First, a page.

New Medicare Cards Now Being Distributed

Sample Medicare card continuing the new numbering system without Social Security numbers

Sample of what the new Medicare cars will look like

The Centers for Medicare and Medicaid Services (CMS) has begun sending new cards with new Medicare numbers to enrollees. Instead of including Social Security Numbers, the new cards will include new unique identifying numbers.

The purpose of the change is to protect participants against identity theft and protect Medicare from fraud.

The agency cautioned that it takes some time to mail out so many cards, but the Medicare website offers free email alerts, including estimates of when cards start mailing in your states.

CMS had previously announced the plan to change the Medicare cards and said that it intends to have Social Security numbers removed from all cards by April 2019 per a deadline set by Congress.

CMS offered these tips for steps to take after receiving the new cards:

  • Destroy your old Medicare card right away. Make sure you destroy your old card to help protect your SSN and other personal information.
  • Start using your new Medicare card. Doctors, other health care providers, and plans approved by Medicare know that Medicare is replacing the old cards, so carry the new card with you. They are ready to accept your new card when you need care. Your Medicare coverage and benefits will stay the same.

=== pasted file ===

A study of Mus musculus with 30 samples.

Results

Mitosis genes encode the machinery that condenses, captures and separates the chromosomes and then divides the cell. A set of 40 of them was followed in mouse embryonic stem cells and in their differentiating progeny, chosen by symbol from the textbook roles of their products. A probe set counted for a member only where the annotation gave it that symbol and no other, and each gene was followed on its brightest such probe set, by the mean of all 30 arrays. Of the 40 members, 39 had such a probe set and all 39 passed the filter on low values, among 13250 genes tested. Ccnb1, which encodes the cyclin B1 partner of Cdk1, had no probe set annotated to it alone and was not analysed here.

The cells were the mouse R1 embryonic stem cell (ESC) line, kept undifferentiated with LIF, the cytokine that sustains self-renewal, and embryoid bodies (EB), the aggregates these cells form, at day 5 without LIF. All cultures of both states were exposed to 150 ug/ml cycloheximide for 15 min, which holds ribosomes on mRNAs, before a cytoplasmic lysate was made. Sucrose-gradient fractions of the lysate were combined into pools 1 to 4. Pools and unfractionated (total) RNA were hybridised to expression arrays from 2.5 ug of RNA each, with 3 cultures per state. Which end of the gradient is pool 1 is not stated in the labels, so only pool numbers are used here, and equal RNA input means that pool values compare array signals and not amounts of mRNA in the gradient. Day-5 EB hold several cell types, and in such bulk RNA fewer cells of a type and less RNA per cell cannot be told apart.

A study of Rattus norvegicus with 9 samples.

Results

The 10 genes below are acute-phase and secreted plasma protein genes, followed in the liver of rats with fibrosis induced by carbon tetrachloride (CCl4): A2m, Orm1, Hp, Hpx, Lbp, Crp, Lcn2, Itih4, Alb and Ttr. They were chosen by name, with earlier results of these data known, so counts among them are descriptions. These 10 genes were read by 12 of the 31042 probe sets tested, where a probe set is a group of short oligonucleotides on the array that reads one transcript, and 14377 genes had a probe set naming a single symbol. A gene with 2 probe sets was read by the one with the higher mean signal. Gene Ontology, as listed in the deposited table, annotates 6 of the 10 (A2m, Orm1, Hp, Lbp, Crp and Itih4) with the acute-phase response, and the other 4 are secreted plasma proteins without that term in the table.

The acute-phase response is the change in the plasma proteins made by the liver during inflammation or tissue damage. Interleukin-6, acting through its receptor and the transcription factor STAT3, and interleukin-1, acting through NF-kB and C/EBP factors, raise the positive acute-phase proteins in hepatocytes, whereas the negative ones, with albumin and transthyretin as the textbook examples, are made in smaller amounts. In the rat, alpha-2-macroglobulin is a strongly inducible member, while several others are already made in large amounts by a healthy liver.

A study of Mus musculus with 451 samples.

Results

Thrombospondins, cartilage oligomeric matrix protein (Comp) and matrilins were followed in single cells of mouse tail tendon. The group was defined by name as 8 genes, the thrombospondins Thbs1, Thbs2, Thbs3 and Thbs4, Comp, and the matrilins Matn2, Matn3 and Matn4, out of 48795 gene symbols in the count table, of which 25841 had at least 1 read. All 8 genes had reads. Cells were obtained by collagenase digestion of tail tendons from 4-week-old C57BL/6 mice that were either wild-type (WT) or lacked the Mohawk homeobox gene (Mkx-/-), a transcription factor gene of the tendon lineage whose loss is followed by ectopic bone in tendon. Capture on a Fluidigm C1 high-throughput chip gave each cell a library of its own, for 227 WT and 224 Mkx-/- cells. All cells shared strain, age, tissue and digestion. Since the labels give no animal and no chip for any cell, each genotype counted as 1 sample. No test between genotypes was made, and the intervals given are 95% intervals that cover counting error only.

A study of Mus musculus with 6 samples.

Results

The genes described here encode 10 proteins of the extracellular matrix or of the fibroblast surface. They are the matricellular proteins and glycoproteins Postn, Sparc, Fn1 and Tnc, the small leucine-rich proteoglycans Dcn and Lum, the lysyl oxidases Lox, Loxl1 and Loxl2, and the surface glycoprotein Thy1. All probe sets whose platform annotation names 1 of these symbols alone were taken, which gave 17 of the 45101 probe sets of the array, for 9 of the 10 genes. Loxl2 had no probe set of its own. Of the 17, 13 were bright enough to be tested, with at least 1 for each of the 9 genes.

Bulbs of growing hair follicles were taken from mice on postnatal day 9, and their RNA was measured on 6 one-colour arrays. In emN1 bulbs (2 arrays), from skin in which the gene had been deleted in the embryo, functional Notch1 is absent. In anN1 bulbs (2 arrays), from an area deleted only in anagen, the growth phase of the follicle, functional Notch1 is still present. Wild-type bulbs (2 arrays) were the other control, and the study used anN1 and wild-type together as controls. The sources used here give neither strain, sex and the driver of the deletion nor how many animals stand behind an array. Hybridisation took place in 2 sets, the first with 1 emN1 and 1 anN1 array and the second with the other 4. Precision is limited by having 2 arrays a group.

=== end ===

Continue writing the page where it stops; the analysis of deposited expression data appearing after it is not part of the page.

• Keep your Medicare Advantage Plan card. If you’re in a Medicare Advantage Plan (like an HMO or PPO), keep using your Medicare Advantage Plan ID card whenever you need care. However, you should also carry your new Medicare card—you may be asked to show it.
  • Protect your Medicare Number like you would your credit cards. Only give your new Medicare Number to doctors, pharmacists, other health care providers, your insurer, or people you trust to work with Medicare on your behalf. Beware of people contacting you about your new Medicare card and asking you for your Medicare number, personal information, or to pay a fee for your new card. Medicare will never contact you uninvited to ask for your personal information.